Seven years ago, I moved from Eugene, Oregon to Kansas City, Missouri and have seen both sides of investing out-of-state. I’ve seen people in high-priced markets make very solid returns they could never have hoped to find in their home market. And I’ve seen people completely lose their shirt.
On one occasion, a man stopped by our office to ask if we managed properties for others. He was from California and had bought two properties in Kansas City at wildly high prices that must have seemed good when one normally sees only seven figure homes as far as the eye can see. He had bought the two houses and then paid for the rehabs. When the seller stopped returning his calls, he flew out to Kansas City and found both houses hadn’t even been touched. I have rarely seen someone look so depressed, and telling him we didn’t do third-party management was no easy task.
Unfortunately, this is not the only story of this nature I am familiar with.
Even the first property we bought in Kansas City, while I still lived on the West Coast, turned out to be a dud. Needless to say, out-of-state investing is something I would be very, very careful with.
Taking the Leap
If you decide to risk it, the first thing you need to do is to find and vet your team, as you will need boots on the ground. I would recommend going onto a popular real estate forum or attending the local REIA group and asking around for a property manager. Once you have some recommendations, interview them, and do it thoroughly. There are good property managers and bad ones. And some of the bad ones can be very bad indeed.
You should repeat this process for other key members of your team, such as brokers, contractors and other vendors. Or if you decide to go with a turnkey company, make sure to vet them as carefully as you can. Search for reviews online, ask people about them in real estate forums, visit their office and interview them thoroughly.
Even after you buy, you should visit from time to time to keep the managers accountable and make sure everything looks right. If things are going badly, demand accountability. If the problems are not addressed, do not be afraid to switch management companies. In my experience, most real estate investments fail because of bad management.
Know Where You are Buying
The other thing that can kill an investor, particularly an out-of-state one, is buying in a really bad area. I would note that as awesome as Google Earth is, still images often make areas look better than they actually are. You don’t see the garbage being blown around by the wind (or smell it either) among other clues a snapshot doesn’t catch. A picture may be worth a thousand words, but being there in person is worth a thousand pictures.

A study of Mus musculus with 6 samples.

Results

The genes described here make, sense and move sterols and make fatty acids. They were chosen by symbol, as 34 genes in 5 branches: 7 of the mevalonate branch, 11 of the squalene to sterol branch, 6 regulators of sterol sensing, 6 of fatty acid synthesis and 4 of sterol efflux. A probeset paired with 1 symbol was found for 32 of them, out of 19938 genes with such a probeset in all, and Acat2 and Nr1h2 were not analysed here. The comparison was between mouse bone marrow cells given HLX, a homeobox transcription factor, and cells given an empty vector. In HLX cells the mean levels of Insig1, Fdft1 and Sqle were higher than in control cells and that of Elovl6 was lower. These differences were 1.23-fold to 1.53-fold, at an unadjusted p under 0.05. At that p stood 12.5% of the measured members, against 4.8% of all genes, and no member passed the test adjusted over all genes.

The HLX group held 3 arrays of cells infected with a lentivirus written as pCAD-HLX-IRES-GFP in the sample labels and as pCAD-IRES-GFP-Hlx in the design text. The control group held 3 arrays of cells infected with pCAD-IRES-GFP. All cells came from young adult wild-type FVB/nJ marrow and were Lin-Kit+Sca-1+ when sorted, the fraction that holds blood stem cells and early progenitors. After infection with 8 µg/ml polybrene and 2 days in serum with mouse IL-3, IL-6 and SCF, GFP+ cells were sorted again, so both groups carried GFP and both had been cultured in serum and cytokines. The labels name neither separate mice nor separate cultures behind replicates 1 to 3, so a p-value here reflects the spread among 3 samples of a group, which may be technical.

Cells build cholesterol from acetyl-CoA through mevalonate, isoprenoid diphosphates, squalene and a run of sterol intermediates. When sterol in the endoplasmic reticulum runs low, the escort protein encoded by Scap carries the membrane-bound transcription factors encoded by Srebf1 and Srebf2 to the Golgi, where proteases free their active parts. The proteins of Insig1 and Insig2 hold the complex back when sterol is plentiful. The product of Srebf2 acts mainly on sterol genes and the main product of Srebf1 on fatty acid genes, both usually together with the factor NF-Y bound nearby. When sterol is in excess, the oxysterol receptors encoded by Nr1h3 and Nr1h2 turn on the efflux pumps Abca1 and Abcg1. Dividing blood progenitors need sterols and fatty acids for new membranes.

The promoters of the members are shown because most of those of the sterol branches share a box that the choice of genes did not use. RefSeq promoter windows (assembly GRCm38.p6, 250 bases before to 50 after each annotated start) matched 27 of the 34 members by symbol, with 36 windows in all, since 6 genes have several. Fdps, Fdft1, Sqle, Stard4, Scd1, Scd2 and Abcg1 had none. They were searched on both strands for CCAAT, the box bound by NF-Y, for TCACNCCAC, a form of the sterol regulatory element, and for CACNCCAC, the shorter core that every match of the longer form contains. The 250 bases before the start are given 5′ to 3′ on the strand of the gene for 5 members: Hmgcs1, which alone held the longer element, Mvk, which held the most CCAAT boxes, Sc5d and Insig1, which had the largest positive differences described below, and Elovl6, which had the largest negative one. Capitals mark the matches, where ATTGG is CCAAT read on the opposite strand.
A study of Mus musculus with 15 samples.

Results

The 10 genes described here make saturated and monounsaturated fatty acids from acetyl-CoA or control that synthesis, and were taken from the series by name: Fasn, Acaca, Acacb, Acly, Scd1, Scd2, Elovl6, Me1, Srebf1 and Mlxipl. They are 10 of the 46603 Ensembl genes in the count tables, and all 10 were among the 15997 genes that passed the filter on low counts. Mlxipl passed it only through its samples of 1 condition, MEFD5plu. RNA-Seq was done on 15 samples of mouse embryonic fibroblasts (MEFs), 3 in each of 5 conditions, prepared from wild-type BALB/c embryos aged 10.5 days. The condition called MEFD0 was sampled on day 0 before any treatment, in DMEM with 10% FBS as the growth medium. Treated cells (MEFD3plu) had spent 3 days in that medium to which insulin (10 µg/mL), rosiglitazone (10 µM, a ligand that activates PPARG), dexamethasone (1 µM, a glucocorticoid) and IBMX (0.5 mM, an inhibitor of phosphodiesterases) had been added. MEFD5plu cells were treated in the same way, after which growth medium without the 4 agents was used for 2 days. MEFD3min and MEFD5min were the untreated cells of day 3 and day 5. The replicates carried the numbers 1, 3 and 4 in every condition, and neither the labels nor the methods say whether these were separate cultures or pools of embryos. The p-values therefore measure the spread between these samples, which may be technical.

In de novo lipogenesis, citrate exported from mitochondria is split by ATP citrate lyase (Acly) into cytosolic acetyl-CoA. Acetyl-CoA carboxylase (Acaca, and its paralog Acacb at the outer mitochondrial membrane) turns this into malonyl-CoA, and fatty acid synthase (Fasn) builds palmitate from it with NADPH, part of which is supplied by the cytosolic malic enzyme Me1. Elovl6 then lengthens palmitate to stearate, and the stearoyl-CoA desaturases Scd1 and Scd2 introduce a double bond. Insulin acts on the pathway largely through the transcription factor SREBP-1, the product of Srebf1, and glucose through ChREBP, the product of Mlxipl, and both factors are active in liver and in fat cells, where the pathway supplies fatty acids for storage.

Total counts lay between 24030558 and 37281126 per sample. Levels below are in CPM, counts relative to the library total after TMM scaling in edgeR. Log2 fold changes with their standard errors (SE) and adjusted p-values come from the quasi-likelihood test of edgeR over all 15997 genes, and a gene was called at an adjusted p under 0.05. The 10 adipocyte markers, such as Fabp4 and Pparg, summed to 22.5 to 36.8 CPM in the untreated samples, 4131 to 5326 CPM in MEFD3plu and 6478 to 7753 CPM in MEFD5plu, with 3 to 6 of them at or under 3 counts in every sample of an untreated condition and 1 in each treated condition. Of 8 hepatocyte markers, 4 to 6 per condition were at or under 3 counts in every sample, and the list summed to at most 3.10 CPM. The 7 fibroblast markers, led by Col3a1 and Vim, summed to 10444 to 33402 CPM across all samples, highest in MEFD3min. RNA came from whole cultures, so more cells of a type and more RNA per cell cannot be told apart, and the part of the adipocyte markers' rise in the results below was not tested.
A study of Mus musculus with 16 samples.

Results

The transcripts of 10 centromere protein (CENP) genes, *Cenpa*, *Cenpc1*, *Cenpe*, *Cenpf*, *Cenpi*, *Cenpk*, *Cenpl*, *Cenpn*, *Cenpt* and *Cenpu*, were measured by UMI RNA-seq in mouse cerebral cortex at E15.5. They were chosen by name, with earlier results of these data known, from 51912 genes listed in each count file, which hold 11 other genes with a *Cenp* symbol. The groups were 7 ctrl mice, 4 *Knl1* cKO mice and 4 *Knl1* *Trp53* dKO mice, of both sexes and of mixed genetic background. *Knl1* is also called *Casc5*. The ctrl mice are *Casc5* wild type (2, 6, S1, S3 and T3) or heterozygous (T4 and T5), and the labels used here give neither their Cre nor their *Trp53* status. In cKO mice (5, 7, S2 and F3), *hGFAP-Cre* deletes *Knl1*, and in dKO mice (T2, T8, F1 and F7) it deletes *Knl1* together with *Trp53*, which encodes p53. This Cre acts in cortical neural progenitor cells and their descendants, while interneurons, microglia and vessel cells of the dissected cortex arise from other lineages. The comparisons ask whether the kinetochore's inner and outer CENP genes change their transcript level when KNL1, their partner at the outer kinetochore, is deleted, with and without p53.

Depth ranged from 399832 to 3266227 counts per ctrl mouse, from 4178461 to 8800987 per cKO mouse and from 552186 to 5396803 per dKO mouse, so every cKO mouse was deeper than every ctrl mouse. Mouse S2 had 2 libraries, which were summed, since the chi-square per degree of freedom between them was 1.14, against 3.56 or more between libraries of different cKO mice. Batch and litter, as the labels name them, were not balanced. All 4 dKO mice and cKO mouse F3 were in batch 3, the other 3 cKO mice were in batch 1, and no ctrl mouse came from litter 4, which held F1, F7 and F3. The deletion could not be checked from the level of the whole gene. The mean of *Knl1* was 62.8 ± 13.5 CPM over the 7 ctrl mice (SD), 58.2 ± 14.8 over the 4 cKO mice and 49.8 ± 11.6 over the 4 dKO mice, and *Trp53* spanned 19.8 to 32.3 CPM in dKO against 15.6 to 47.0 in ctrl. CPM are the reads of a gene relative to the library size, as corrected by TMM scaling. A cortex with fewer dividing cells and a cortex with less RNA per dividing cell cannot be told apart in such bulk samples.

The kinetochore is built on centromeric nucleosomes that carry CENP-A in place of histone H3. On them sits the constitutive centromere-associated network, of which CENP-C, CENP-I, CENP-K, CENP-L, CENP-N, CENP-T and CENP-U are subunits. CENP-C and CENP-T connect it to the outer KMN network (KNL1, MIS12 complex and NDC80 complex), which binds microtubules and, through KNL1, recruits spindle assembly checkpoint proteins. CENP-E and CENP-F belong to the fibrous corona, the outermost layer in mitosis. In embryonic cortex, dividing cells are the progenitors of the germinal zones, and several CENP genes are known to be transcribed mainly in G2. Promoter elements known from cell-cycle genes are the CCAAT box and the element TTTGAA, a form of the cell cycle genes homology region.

There are websites such as City-Data.com, CLRSearch.com or rentfaxpro.com that can help you evaluate an area by crime, income, unemployment, vacancy, etc. And while these are helpful, they usually break it down by ZIP code and often times you’ll need to be more specific than that.
Visiting is critical, but I would also ask some locals. Ask real estate investors who buy in that market as well as some of the people just hanging out in the neighborhood. You’ll frequently be surprised at what they’ll tell you. Or just drive through the neighborhood at night. That will tell you a lot.
Location, Location, Location
When looking at the property itself, you need to pound it into your head that real estate is local. Many people from high-priced markets are so enamored by the price difference in the so-called “cash flow markets” that they assume they must be getting a good deal. As you might have guessed, this is false and ends up being the undoing of many out-of-state investors.
You can do a quick and dirty analysis yourself. Zillow.com and Redfin.com are good places to start but remember the Zestimate is not to be relied on. Look for the nearby sale comps on their map feature and compare that to your prospective property. Also, make sure the date of sale is relatively recent. You can also call up a realtor or two to get a CMA or their advice on these areas. You can do the same for rental comps by going to Craigslist or Trulia.
A Couple More Pieces of Advice
If the property has a tenant, make sure to get an updated rent roll, a certificate of deposit (to make sure the rent roll is accurate) and an operating statement if the seller has owned the property for a while. Some landlords might not have good documentation, but you want to get anything you can.
I would definitely recommend you don’t start by buying a property that needs a lot of work. The more variables you have going on, the more can go wrong. But if you do buy a fixer, don’t trust a seller’s repair estimates. You can all but guarantee it will be way too low. Again, I would recommend flying out to the city and looking at the property yourself. Get a bid from a local contractor (preferably not associated with the seller or turnkey company). And remember, a contractor’s bid will usually not include HVAC, appliances, flooring and other things like that. So you will need to account for those as well. I would also throw in a contingency (say 10 to 20 percent) for anything that’s missed or could go over budget.
Buying out-of-state can be very rewarding. Indeed, I have seen it done well multiple times, so I don’t want to discourage it. But I do want to discourage buying out-of-state in the same way you would buy a stock or bond. Real estate investment just can’t be that passive. Diligence is of the utmost importance when buying real estate out-of-state.